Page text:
If there was a single word to describe Bangarra’s latest production, and Frances Rings’ first full length commissioned work, it would have to be strength.
Rings’ previous work (including her 2010 work Artefact) has been noted for a sense of defined femininity that exudes warmth and a deep connection to the land.Terrain, while certainly retaining those elements, refuses to comply with expectations. This is a story told with passion and with pride. At the nexus of this 65 minute narrative is Lake Eyre, Kati Thanda. Divided into nine segments this is a distinctive collection of episodes, visual and aural offerings that create a strong sense of place.
Rings’ programme notes tell us that ‘between drought and deluge Kati Thanda sustains a living history of the Arabunna people … whose living evidence of occupation traces back thousands of years’.
Watching Terrain and the cyclic patterns representing the brilliant intensity of the salt, the sweeping curves of the river systems, the aridity of a landscape – yet still at all times teeming with life.
SHIELDS performed by the men’s ensemble was one of the stand out works of the night and showcased not onlyRings’ ability in creating a distinctively masculine work that eloquently spoke of the ongoing struggle for Land Rights but also the continued emphasis that all Bangarra’s work places on story and narrative. SALT was also a favourite and the spirit duet performed by Daniel Riley McKinley and Kaine Sultan-Babji was a series of sharp, embodied movements that were well executed.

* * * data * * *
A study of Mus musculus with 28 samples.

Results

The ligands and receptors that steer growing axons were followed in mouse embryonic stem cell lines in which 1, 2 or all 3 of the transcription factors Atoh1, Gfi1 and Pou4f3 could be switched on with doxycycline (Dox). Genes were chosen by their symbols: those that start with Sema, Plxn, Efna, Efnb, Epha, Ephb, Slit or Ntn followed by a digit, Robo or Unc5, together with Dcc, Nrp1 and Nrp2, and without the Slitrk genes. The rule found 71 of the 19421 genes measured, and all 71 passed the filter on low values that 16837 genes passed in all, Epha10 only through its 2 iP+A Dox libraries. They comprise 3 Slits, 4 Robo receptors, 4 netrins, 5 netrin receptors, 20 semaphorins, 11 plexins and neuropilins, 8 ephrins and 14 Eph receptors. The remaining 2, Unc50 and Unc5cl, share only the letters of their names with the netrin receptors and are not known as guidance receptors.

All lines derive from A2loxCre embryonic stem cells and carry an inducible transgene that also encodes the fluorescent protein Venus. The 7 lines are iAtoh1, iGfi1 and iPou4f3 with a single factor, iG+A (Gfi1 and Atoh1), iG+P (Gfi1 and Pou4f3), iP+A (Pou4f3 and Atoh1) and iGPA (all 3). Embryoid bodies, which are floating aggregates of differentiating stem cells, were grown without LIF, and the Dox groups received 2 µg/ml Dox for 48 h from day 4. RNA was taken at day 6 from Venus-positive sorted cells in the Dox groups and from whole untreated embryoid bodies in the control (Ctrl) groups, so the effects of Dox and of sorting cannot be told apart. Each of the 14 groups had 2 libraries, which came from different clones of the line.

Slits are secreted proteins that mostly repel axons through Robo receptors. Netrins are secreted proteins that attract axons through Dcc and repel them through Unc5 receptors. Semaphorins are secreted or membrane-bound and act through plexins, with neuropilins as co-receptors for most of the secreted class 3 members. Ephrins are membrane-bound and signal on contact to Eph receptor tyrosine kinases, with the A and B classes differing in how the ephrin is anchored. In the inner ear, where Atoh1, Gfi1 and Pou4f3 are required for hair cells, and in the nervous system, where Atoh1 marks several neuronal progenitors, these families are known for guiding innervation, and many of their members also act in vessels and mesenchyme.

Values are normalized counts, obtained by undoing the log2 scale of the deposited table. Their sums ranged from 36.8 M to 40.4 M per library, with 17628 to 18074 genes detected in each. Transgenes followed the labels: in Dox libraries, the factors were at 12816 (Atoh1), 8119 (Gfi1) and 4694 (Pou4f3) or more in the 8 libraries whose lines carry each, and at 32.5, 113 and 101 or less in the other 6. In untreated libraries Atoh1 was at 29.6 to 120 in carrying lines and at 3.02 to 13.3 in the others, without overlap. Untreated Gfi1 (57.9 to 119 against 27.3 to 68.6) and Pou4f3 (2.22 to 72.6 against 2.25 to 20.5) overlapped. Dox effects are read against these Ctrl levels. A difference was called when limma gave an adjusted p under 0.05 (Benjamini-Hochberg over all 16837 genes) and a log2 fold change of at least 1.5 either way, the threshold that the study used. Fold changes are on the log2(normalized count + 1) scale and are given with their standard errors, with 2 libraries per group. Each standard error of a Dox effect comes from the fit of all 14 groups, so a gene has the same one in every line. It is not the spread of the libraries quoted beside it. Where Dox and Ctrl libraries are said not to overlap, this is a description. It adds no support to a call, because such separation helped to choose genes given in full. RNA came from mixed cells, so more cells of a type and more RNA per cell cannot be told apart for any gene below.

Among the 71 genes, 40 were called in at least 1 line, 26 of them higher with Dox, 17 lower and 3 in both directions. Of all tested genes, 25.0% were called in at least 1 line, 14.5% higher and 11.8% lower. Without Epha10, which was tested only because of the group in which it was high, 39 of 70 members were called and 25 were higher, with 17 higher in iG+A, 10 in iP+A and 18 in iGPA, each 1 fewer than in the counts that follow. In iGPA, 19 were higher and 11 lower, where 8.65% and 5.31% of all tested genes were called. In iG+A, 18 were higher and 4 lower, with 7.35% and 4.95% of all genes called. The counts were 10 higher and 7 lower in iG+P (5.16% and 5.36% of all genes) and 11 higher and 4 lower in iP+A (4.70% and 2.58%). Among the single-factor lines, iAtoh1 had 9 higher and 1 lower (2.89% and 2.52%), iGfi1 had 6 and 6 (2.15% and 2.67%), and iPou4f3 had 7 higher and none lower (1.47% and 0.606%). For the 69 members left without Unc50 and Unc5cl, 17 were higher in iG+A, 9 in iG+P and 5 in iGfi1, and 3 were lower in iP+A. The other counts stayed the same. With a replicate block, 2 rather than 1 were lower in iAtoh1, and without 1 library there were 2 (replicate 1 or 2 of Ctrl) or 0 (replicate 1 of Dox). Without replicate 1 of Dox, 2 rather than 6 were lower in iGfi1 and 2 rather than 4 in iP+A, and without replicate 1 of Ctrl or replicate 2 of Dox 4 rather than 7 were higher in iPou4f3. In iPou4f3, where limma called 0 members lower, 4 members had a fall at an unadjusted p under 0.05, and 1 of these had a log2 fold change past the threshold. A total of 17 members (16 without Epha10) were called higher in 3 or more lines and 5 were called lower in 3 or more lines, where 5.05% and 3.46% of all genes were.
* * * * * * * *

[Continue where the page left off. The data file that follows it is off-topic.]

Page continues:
Deborah Brown’s solo in REFLECT was also a highly memorable performance as was her duet with Leonard Mickelo. The final work DELUGE was a fitting end with its shiny sequined black costumes and ‘club’ music and a fitting reminder that Bangarra is a company that honours traditional stories yet is courageous enough to share this wisdom in a contemporary world.
David Page’s soundscape is particularly evocative. A mixture of geological sounds are juxtaposed with string instruments, the rumblings of the land and the deliberate and well placed use of language create an effect that is best described as a witnessing to a natural cycle always in motion long before we knew it existed or could even articulate the mysteries of its rhythms.
This is also perhaps one of Jacob Nash’s most simple yet finely sculpted set designs. The use of natural patterns, markings, layers and colours created a response to landscape that was rich with layered meaning.
Rings‘ choreography is evolving and with the support of Stephen Page and Bangarra we can look forward to watching one of Australia’s leading choreographers etch her aesthetic into the landscape of contemporary performing arts.